SOPA: Bad for HostingPosted by Todd Mitchell in Business, Executive Blog, SoftLayer, Technology
SoftLayer manages more than 100,000 servers in thirteen data centers around the world. We have more than 23,000 customers, and those customers are responsible for millions of websites (which get billions of pageviews every month). We’re one of the largest hosting providers in the world, and we want to talk a little about the Stop Online Piracy Act (H.R. 3261 or “SOPA”).
Many in our industry have already commented (and in some cases, “changed their minds”) on SOPA and its equally evil twin, the PROTECT IP Act (“PIPA”) in the Senate, but we wanted to share our perspective on the legislation. Even with these Dudley-Do-Right, Goody-Two-Shoes titles and their ambitious goals, SoftLayer opposes these bills in their current forms because they expose innocent and law-abiding hosting companies to uncertain liabilities.
Because this legislation has gotten quite a bit of attention in the past few months, you’re probably already familiar with it, but if you haven’t paid much attention, we can give you a quick summary: As you can read in the name of the bill, SOPA is being proposed to “Stop Online Piracy.” SOPA is under consideration by the House Judiciary Committee, and its intent is to provide additional enforcement tools to combat foreign ‘rogue’ websites that are dedicated to copyright infringement or counterfeiting. That’s a great goal, and SoftLayer does not oppose the intent of the Act … As you saw from Kevin Hazard’s blog post a few weeks ago, we have a team of people working all the time to track down and immediately address any violations of our terms of service (including copyright infringement), so we wholeheartedly agree that copyright infringement and counterfeiting are bad.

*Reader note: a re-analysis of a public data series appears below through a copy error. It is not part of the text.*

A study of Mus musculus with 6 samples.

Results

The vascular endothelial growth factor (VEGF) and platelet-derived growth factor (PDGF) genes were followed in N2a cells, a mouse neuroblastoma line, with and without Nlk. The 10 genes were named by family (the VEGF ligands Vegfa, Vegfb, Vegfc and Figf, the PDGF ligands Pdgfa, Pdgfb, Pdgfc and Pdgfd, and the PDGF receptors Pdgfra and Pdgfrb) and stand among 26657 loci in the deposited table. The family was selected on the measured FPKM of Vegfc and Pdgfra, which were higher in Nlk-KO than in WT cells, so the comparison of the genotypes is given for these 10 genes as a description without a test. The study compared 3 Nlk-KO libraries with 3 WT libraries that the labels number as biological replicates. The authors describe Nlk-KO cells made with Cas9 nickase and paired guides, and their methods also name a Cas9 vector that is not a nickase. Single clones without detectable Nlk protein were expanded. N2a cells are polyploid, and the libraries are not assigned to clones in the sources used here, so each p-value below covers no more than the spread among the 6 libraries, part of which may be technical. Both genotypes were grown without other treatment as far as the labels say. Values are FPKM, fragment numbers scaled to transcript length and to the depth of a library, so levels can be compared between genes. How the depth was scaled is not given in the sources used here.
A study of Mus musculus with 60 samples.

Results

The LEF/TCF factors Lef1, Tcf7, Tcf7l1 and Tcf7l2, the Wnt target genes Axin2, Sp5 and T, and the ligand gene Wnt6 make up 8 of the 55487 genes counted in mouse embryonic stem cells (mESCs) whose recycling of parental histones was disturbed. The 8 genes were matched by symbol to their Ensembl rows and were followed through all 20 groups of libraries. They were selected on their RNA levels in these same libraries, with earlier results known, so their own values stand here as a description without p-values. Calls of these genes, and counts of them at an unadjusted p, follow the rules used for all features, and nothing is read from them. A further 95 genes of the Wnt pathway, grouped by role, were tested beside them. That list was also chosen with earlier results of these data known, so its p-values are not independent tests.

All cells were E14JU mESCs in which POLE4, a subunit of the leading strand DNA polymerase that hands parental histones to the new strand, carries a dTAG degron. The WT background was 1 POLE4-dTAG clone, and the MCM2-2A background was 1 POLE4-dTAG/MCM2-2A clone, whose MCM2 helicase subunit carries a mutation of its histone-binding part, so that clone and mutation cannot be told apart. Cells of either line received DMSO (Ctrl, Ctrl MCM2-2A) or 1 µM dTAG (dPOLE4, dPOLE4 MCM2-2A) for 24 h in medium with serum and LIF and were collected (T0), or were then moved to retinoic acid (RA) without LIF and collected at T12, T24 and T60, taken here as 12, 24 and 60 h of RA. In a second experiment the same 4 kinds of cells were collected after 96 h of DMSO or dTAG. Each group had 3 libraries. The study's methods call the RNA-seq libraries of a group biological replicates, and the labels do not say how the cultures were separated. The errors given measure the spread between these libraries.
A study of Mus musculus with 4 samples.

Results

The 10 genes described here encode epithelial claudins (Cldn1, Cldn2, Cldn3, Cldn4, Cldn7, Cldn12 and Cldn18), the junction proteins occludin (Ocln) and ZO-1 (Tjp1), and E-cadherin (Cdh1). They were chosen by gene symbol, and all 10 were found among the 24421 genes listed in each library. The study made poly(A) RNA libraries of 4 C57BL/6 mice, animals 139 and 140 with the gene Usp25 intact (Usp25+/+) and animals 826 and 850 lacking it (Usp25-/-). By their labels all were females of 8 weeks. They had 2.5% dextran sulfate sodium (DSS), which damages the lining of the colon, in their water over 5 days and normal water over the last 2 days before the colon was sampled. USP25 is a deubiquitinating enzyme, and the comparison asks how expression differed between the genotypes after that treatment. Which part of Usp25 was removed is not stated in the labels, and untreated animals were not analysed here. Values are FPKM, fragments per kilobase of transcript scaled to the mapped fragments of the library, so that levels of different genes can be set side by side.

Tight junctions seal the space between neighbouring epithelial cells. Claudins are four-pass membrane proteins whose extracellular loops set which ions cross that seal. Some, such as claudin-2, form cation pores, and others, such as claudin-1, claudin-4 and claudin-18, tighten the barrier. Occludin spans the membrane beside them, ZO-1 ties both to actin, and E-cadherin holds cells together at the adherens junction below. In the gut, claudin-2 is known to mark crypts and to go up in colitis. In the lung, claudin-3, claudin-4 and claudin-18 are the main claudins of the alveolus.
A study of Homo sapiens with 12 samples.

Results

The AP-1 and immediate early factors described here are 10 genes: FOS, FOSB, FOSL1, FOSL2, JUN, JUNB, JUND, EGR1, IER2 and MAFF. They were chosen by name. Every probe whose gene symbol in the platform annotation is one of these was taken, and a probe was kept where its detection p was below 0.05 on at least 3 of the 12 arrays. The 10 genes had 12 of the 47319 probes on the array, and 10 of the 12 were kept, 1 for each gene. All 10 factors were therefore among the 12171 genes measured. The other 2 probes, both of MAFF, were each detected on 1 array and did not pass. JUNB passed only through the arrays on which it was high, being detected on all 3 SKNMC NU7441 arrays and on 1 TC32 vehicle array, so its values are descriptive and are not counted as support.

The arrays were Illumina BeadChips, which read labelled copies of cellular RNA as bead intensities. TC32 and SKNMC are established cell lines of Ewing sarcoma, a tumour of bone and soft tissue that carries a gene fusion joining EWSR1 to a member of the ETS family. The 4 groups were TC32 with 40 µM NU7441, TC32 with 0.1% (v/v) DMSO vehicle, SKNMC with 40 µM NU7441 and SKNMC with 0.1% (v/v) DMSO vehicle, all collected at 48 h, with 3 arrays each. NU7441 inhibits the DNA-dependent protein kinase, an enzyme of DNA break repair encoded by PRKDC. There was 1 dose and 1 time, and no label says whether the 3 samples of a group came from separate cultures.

The way SOPA tries to address the problem is where we disagree with the bill, so let’s talk about the most pertinent part of the bill for a service provider like SoftLayer. If SOPA were to pass, when a case of infringement is reported, we would have to “take such measures as [we determine] to be the least burdensome, technically feasible, and reasonable means designed to prevent access by [our] subscribers located within the United States to the foreign infringing site that is subject to the order.”
What that means: We would be forced to turn off our customers’ access to a small piece of the Internet.
How are we to do that? Well the “least burdensome, technically feasible, and reasonable means designed to prevent access” are not made clear, but most of the discussions about the bill have focused on changing the way the Doman Name System (DNS) resolves to an “infringing site.” We’d be more or less ordered to break DNS … DNS was designed to simply, accurately and quickly match a domain name with the IP address that domain’s owner provides, and if SOPA were to pass, we’d have to tell DNS to behave correctly for every site EXCEPT the reported infringing sites. Again, that’s not spelled out in the legislation, so it’s like being given a job by someone who has no idea how to do the job nor whether the job is even possible to successfully complete.
And that’s all assuming that the order to suspend access to an “infringing site” is legitimate. Many of the organizations that oppose SOPA have explained possible scenarios where orders could be filed under the guise of preventing copyright infringement. A competing site/business could claim:
“the operator of the site operates the site with the object of promoting, or has promoted, its use to carry out acts that constitute a violation of section 501 or 1201 of title 17, United States Code, as shown by clear expression or other affirmative steps taken to foster such violation.”
In another scenario, a copyright holder could pull the trigger on an order simply at the thought that a user could infringe on a copyright on/via the “infringing site.”
When the United States House of Representatives reconvenes after its winter recess, we will be watching intently with hopes that the Internet’s response to the bill has effectively derailed it in its current form. As SoftLayer General Council Suzy Fulton mentioned in her post about Texas House Bill 1841, we’ve been working with an industry group called TechAmerica which submitted a letter to Congress about SOPA and many of the issues that could negatively affect our industry. Additionally, we’ve gotten involved with SaveHosting.org to speak out against laws that can hurt our customers.
As discussions continue about SOPA, we’ll look for opportunities to share more of our insight with you here on our blog. Please let us know your thoughts about the legislation below.